Forsyth Barr building may stay
One of Christchurch's tallest buildings appears to be safe from demolition.
The 17-storey Forsyth Barr building was badly damaged in the February 22 earthquake, with the collapse of a staircase cutting the exit route for some staff.
The Canterbury Earthquake Recovery Authority said that the building was likely to remain, making it one of the few high-rise office blocks to survive the quake.
The inner-city Clarendon Tower, AMI House, Community House and DTZ building are being demolished, and the fate of the PricewaterhouseCoopers building in Armagh St has not been determined.
Lawyer Shaun Cottrell, a Forsyth Barr tenant when the February quake struck, could not say whether his firm would return to the building, on the corner of Colombo and Armagh streets, if it reopened.
The firm has relocated to Addington, but Cottrell had no concerns about working in a high-rise office block.
"There are a lot of benefits in being in that sort of building, being in town and being close together. They're a nice place to work," he said.
"It comes down to it being safe, at least to the extent you can get out, and I think anyone who was up [in the Forsyth Barr building] would never want to be trapped up in the air for three or four hours, wondering if they were going to get down again."
The possibility of height restrictions being imposed on new buildings in the central city has put the financial future of high rises in doubt.
Miles Middleton, who owns about 6 per cent of the office space in the central business district, including the 14-storey Westpac Tower in High St, said he would consider moving to Auckland if height restrictions were imposed.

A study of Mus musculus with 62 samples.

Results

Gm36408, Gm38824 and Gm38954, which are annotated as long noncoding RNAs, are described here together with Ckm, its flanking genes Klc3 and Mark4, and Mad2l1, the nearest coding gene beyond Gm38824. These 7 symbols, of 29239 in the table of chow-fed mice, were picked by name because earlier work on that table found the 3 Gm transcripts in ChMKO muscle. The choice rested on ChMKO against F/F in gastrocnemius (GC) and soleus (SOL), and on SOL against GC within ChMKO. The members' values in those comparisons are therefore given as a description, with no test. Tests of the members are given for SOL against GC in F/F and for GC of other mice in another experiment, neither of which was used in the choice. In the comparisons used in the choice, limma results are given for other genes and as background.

Demolition work has started on his eight-storey DTZ building, on the corner of Cashel St and Oxford Tce.
Middleton had plans drawn up for a new building but did not know whether he would be able to rebuild on the same site.
"The issue we have is whether we can rebuild to eight levels and on the site because it's by the river."
He was concerned that if new buildings were restricted to six levels or less, he would lose money from his replacement insurance, which was meant to cover an eight-storey building.
"We are looking at properties in Auckland at the moment – let's put it that way."
He would rebuild in Christchurch if he could, he said.
Earthquake Recovery Minister Gerry Brownlee said last week that investment interest in Christchurch, including from outside the city, was starting to "ramp up".
"I think the plans that local investors have, augmented by the willingness of outside investors to come in, all paints a very positive picture for a city," he said.
Significant Christchurch heritage buildings have been earmarked for demolition by the Canterbury Earthquake Recovery Authority.
The former public library in Cambridge Tce, the former PGG building in Cashel St, the Richmond Methodist Church in Stanmore Rd and nine heritage buildings in High St have been identified for demolition.
Other significant buildings to be demolished include Community House in Hereford St and the Bus Exchange in Lichfield St.
From May 1 to August 2, the authority identified 40 buildings for demolition, 18 for partial demolition and 12 that need to be made safe.